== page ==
A system administrator I knew at HP Labs, Mike Rodriquez, named his personal workstation “walstib.” Mike explained that it was an acronym for “What A Long, Strange Trip It’s Been,” which, he said, was a kind of motto among Deadheads. (I gather it’s a line from one of the many indistinguishable Grateful Dead songs. Sorry, Mike.)
So “WALSYIB” is my acronym for “What A Long, Strange Year It’s Been.” (And yes, I realize that I used a similar title for a previous blog post.) 2009 was a productive year: We made more progress in deployingDNSSEC in the last 12 months than in the previous 10 years. But we saw more attacks on DNS infrastructure, including cache poisoning attacks in the wild. And we saw the discovery (and subsequent patching) of more vulnerabilities in BIND.
Here, then, is the DNS year in review:
- January: My old friend Matt Larson and I announce The Ask Mr. DNS Podcast. (The high point of the DNS year, and it’s only January!) The ISP UkrTeleGroup, which hosted many malicious open recursive name servers, is “de-peered” by their uplink provider.
- February: IANA introduces the Interim Trust Anchor Repository (ITAR), a temporary clearinghouse for the trust anchors of top-level zones. VeriSign announces that they’ll sign all top-level zones they operate in the next 24 months. This includes .com and .net. Matt Larson later refines the timeline: .net will be signed in 2010, .com in 2011. .gov, the U.S. government’s top-level domain, is signed.
- March: .th (Thailand) becomes the first DNSSEC-signed zone in Asia.
- April: Hackers use an SQL injection attack against the main registrar in Puerto Rico to redirect users of the local versions of major web sites, while others use the same vector at a New Zealand registrar to redirect users of MSN’s New Zealand web site, Sony, HSBC and others. A cache poisoning attack in Brazil causes a banking Trojan to be served to the customers of a broadband carrier.
- May: A DDoS attack against a Chinese registrar takes out their name servers, and collateral damage caused by the response to the attack causes problems in many Chinese provinces.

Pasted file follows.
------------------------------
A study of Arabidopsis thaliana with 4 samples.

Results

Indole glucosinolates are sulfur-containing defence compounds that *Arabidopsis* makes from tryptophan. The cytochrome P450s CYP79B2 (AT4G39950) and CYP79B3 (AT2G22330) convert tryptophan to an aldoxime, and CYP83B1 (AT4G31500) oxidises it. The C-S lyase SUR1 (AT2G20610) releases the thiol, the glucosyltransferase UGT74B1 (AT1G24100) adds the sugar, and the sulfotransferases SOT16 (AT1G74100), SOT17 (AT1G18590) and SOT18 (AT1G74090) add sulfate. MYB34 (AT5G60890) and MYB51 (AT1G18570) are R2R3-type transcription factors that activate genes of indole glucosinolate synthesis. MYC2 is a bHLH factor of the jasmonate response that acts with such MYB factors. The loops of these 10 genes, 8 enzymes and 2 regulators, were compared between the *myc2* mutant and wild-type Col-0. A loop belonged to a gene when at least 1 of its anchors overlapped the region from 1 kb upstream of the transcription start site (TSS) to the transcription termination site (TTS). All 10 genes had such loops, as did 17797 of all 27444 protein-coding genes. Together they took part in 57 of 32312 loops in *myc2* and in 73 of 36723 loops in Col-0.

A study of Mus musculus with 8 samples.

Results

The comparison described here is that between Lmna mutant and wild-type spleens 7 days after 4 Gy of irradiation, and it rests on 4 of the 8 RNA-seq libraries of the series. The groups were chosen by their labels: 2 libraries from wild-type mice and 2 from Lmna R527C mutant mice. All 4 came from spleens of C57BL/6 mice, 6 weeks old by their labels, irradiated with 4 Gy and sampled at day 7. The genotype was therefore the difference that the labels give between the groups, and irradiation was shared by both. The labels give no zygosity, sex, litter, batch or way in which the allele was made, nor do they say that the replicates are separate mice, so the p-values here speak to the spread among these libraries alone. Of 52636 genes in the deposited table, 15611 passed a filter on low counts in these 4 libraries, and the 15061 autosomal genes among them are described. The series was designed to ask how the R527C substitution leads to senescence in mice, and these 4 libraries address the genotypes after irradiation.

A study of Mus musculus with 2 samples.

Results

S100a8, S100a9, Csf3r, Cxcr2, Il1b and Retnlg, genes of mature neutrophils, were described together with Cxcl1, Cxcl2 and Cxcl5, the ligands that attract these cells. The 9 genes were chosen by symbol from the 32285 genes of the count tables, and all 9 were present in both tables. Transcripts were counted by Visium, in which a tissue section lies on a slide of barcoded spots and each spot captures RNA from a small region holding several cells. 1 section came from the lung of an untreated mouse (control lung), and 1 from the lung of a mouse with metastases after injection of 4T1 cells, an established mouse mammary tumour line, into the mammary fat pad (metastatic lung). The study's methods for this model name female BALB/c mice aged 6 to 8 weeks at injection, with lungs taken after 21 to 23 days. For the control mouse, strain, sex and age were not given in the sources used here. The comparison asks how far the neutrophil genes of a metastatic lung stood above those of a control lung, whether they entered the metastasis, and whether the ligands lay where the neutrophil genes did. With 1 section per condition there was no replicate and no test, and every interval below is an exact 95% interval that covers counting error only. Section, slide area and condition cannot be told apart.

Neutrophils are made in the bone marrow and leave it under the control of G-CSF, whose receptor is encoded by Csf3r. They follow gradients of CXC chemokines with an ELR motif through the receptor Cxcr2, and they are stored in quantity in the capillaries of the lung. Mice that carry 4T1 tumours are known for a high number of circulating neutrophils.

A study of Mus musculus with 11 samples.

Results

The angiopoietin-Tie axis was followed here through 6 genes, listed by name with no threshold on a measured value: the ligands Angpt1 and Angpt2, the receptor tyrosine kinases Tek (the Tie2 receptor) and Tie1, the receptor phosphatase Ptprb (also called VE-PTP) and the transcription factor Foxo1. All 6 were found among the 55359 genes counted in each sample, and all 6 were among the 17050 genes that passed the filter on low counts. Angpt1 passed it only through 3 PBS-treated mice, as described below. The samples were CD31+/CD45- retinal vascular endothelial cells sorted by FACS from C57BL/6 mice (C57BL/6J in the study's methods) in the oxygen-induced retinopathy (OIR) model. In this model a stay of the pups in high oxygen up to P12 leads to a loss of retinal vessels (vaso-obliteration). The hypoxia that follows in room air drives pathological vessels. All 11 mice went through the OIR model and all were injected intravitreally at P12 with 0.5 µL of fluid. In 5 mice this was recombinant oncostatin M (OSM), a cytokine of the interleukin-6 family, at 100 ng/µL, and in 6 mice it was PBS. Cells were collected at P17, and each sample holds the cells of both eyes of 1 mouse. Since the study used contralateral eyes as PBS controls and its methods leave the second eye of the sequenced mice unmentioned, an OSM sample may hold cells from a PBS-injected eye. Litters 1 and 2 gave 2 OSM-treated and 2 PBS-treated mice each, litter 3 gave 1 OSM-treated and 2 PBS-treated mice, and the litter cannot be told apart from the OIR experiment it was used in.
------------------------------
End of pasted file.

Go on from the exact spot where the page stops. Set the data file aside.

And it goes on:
- June: PIR begins signing .org, the first generic top-level domain (gTLD) to be signed, and the largest top-level zone to be signed.
- July:Eircom’s customers (Eircom is the largest broadband provider in Ireland) fall victim to a DNS cache poisoning attack which incidentally causes a DNS outage. BIND is patched for a DDoS vulnerability in which a specially crafted dynamicupdate can crash the name server
- September: .na (Namibia) becomes the first top-level zone in Africa to be signed. SWITCH begins a DNSSEC trial for the .ch (Switzerland) and .li (Liechtenstein) top-level zones. Niue’s .nu is signed.
- October:ICANN and VeriSign announce details of their arrangement to jointly administerthe signed root zone, as well as the timetable for signing the root.A flaw in the generation of the .se zone data causes a massive outage of Swedish domain names. Infoblox and The Measurement Factory release the results of theirfifth annual DNS Survey of the Internet’s DNS infrastructure. Michael Sinatra (of UC Berkeley–w00t!) discovers a flaw in BIND’s processing of DNSSEC-signed responses.
- November: Turkmenistan’s .tm is signed.
- December:Google announces their Public DNS service, offering free recursive nameservice. Neustar signs the .us zone.
What do we have to look forward to in 2010? The signing of the root zone by July 1, .net by the end of the year, and likely many more top-level zones. Internal U.S. government zones signed by the summer. Undoubtedly more vulnerabilities and more attacks, too. But if we see the amount of progress next year that we’ve already seen this year, the Internet will definitely be a safer place.